What's on the iPod: Conductor by We Were Promised Jetpacks
Had a nice time and then a nice dinner. We got home around 10:30, then I was up again at 6 am to meet a college friend in the city for breakfast. What fun! We haven't seen each other in 15 years, but there we were talking like we'd just seen each other five minutes before. We then went off for a walking tour of the city, where Abigail Adams talked about the women who helped shape the city and its politics. Great tour given by a wonderful historical actress, Kim Hanley. She appeared also at Valley Forge's Washington Memorial Chapel last year, telling of her time (as Abigail) in a new country. Great presentation then, too.
Yesterday was all about the kitchen. Again. We're finally to a point where we're ordering things and getting prepped for new appliances,countertops, and replacement cabinets. I'm thrilled, but nervous. I've lived through major renos before, and the kitchen is the toughest. You don't realize how much that room is the center of your life until it's in pieces in different rooms. Hopefully doing much of the work ourselves and in piecemeal fashion will lessen the pain -- but I doubt it.
Today is all about projects. Well, I hope. We have someone coming in to assess the airflow of the house (furnace issues still). The idea is to install a fan on the front door opening and let it run all day. That means no AC, I'm sure, and it may be too noisy to work. However, I plan to try. If nothing else, I can pull up my project on my Surface and head outside to the swing. If it doesn't rain, of course, which it does look like it may any moment.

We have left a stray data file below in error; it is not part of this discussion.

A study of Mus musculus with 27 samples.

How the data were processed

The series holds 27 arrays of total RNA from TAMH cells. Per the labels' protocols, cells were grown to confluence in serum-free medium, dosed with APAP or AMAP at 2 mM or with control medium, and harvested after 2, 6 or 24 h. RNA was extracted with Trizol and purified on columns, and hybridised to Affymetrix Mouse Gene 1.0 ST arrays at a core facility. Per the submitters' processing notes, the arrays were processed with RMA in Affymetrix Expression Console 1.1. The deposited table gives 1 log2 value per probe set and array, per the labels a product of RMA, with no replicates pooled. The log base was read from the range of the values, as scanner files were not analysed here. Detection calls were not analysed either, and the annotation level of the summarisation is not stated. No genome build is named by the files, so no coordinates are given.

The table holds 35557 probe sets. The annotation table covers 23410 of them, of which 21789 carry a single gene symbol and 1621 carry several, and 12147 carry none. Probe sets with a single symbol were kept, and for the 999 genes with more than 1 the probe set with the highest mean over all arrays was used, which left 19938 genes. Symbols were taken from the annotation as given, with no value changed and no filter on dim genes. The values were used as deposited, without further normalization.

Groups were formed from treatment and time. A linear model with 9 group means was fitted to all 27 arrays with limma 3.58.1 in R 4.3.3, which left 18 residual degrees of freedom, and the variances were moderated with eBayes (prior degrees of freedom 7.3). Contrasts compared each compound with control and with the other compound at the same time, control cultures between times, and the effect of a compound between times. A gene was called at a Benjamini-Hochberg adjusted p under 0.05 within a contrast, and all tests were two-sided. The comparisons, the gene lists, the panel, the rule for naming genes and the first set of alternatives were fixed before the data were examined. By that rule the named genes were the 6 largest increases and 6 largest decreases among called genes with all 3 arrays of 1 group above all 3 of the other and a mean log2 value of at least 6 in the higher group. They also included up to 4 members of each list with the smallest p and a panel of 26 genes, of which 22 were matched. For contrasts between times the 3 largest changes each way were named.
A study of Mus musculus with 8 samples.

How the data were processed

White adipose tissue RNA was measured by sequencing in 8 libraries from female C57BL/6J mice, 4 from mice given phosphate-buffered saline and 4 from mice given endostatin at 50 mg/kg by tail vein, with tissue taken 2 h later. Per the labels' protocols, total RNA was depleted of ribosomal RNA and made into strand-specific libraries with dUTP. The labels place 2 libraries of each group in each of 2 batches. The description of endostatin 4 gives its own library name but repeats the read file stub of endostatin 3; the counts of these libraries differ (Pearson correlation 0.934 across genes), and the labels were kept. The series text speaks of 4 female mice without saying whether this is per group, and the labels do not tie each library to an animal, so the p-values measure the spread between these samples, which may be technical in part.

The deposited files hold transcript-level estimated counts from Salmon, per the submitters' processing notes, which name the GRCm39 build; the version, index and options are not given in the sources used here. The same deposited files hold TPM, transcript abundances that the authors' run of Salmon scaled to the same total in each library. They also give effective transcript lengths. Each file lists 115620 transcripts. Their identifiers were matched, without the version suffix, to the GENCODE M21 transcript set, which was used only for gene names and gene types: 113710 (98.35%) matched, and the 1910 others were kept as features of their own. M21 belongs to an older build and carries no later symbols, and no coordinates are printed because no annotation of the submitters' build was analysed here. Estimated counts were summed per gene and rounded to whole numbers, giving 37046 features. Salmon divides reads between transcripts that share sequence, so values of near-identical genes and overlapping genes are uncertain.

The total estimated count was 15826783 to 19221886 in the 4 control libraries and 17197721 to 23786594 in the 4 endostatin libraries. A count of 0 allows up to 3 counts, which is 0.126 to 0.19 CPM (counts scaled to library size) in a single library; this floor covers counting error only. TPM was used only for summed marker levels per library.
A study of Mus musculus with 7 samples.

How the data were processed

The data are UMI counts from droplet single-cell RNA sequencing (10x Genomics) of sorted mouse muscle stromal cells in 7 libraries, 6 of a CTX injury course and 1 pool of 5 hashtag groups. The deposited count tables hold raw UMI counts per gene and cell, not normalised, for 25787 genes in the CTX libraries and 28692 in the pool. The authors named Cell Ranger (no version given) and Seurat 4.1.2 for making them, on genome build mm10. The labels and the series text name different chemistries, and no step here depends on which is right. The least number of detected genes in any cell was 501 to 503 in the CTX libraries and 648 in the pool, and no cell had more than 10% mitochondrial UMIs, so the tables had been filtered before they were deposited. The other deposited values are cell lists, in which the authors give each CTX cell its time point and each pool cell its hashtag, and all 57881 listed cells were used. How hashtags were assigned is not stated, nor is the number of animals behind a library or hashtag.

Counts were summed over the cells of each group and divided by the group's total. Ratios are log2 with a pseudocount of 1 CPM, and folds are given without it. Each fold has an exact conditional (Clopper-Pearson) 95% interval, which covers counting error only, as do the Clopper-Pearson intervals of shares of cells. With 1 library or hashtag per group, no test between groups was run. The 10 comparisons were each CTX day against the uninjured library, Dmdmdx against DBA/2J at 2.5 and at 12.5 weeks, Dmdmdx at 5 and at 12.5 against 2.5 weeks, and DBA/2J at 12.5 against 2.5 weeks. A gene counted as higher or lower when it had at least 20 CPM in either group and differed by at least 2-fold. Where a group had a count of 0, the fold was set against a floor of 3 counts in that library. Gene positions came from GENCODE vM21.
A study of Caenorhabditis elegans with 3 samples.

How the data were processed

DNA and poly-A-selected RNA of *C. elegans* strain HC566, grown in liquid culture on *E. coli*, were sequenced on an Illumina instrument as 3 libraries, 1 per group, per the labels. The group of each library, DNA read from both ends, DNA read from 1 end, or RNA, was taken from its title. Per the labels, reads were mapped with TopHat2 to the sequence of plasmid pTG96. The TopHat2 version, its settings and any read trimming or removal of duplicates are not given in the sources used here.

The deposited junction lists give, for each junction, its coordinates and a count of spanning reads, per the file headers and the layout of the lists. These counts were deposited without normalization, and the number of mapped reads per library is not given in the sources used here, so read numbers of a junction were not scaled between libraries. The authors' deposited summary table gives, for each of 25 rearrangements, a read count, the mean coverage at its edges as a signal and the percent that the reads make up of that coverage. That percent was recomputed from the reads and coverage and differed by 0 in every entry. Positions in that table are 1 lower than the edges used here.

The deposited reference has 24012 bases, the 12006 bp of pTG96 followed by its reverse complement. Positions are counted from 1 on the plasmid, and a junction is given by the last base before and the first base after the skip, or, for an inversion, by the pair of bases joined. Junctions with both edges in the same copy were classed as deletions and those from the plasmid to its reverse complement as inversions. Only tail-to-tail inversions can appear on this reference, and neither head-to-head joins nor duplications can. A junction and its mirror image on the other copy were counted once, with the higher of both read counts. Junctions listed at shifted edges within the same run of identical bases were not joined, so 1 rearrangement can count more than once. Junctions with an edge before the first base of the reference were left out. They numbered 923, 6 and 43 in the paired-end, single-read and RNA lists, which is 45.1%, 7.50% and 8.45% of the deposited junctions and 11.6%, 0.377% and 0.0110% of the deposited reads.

It makes me wonder about those interruptions in our day that can't be helped. If we work in an office, there's little that can happen to drive you out of your office. That's not to say interruptions aren't there -- my husband says his days are usually most productive after 5 pm when the meetings are over and everyone goes home. But amid the meetings and impromptu visits by coworkers, there's still a space to get work done. But what happens when your space disappears? Here are a few things I've done:
Seek out WiFi elsewhere. I love a good coffee shop for the free Internet.I've learned to avoid libraries (too noisy) and to choose places where I can spread out on a table (McDonald's and Burger King) or have access to an outlet (Steel City Coffeehouse or Starbucks). If I need reference books, there's no place nicer than Barnes & Noble. It's a great impromptu library, and the one nearest to me has a Starbucks inside.
Move to a different room. Today may get kind of hot for me, so I'm prepared to head to the basement and work. There are desks down there in storage, and I could clean one off and get to work. Or if it's a day where the heating/cooling is still operating, I can go to the kitchen, living room, or library for a while. That will happen when we get the new floors installed -- I won't be able to access the study.
Work before or after hours. In my brain, working beyond 5 pm is like asking a dying man to make you a sandwich, but some people can caffeinate and keep going. Still, if you know there's an interruption coming, you can plan to work before the interruption arrives (we'll have this guy here all day, so I'm working now) or after it disappears. Plan work to obtain the most impact -- schedule each project with a specific time limit so you don't feel at loose ends.
Phone a friend. Maybe you can take your work to a friend's house (a writer friend would be best as they get you can't sit and chat).
Take a day off. You can, you know. It's okay to allow life to get in the way, even if you're on deadline.
How do you adjust for an interrupted work day?